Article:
Jonathan Turley, a George Washington University law professor who has written about District autonomy, also questioned the strategy.
“The congressional review period was designed for standard measures of self-governance,” Turley said. “It was not contemplated that the charter itself would be changed through this standard legislative means. I expect there would be many people in Congress that would take a dim view of that interpretation.”
Walter Smith, D.C. Appleseed’s director, said his group and attorneys it has consulted think the District has the power to free its local tax dollars from congressional oversight.
“I think a lot of people are unaware of just how broad the council’s authority is to amend the [charter],” Smith said. While the city could not, for instance, end congressional review of its laws or impose a commuter tax, he said, “the budget process is not one of the areas that’s off limits — it’s just as simple as that.”
Aside from the legal questions, the political considerations could be troublesome. Gray and Norton balked this year when presented with the strategy, according to two people familiar with the situation, leading to a delay in its rollout. Asked about the proposal Monday, Gray spokesman Pedro Ribeiro said only, “The mayor supports budget autonomy.” A spokesman for Norton did not respond to a request for comment.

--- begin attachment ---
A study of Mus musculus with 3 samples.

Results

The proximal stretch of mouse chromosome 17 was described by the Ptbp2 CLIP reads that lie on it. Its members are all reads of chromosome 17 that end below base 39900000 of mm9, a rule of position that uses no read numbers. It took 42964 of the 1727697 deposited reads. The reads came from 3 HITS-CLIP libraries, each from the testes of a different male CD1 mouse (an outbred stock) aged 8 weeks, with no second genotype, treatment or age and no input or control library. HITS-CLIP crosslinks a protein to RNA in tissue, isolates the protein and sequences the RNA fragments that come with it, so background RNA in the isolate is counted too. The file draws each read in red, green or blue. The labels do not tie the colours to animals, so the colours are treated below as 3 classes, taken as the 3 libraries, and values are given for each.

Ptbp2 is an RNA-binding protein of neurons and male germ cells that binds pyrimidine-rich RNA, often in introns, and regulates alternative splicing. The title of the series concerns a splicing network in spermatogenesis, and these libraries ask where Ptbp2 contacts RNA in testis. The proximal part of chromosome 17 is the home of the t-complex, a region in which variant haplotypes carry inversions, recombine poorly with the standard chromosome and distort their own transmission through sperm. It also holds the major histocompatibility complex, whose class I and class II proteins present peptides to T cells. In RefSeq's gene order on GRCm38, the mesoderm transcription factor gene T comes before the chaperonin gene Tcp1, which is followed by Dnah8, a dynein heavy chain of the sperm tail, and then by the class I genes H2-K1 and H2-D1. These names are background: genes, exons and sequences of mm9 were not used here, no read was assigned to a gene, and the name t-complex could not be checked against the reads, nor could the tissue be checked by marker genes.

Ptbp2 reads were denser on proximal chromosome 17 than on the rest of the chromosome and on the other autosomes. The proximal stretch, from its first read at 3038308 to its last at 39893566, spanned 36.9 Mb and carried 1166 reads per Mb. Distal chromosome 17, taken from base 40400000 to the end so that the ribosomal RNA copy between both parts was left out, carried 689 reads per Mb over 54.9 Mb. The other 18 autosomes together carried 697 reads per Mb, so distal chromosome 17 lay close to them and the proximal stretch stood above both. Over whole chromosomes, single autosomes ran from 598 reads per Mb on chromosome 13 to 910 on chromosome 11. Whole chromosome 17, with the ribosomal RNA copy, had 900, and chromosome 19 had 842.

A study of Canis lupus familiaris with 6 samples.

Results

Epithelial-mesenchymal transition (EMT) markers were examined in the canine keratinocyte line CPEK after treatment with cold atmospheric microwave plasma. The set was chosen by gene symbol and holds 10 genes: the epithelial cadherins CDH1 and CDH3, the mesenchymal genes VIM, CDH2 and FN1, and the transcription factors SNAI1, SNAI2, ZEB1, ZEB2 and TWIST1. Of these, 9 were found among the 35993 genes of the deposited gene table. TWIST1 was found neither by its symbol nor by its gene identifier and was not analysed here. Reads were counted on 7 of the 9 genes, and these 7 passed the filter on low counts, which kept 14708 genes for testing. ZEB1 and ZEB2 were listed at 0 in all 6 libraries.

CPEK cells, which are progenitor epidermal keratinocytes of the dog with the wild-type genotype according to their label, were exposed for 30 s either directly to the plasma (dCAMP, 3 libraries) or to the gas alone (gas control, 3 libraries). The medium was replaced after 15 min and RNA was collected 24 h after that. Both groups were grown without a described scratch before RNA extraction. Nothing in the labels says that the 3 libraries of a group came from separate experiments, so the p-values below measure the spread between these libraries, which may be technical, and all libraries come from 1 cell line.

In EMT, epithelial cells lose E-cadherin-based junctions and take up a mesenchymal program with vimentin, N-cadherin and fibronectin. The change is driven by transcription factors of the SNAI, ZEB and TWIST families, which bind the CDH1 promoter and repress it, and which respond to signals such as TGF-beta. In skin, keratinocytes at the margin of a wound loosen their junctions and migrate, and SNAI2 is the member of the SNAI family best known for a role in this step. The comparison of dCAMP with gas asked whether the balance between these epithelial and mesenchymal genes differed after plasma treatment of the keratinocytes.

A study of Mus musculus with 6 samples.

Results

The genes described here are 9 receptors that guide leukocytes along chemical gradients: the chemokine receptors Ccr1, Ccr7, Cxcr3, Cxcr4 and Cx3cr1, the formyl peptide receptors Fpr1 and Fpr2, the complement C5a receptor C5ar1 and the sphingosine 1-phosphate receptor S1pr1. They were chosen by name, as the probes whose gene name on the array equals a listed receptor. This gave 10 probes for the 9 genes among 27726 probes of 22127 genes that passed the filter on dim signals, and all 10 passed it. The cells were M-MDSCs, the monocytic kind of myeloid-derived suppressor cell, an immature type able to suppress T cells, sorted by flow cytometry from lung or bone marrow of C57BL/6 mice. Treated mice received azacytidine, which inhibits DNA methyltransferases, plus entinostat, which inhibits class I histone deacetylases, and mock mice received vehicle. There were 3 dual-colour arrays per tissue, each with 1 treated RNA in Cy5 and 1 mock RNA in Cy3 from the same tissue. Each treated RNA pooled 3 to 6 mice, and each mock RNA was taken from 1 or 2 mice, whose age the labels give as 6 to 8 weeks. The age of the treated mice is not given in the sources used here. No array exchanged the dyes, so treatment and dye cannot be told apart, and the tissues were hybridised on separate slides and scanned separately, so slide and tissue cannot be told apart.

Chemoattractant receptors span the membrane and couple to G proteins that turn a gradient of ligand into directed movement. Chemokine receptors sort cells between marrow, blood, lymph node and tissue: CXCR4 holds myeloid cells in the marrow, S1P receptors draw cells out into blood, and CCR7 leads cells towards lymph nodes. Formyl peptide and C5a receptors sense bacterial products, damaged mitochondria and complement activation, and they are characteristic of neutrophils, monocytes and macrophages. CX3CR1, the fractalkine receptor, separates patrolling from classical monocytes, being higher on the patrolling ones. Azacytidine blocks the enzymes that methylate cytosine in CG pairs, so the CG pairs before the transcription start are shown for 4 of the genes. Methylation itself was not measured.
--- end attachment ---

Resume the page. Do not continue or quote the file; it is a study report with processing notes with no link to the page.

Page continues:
A Republican congressional aide who requested anonymity to speak frankly about the situation said the strategy could send a counterproductive message to the Hill.
“If there’s this effort to basically do an end-run around Congress . . . it will certainly complicate the argument within Congress on whether the District can be trusted with this authority,” the aide said.
Smith rejected that notion: “This can’t be an end run, because at the end of the day, because of the Constitution, Congress always has the final say.”
Should the council pass the bill before the current term ends in December, voters could see the question on the ballot in the spring — during a special election to fill the at-large council seat Mendelson is expected to vacate after his likely November election as chairman.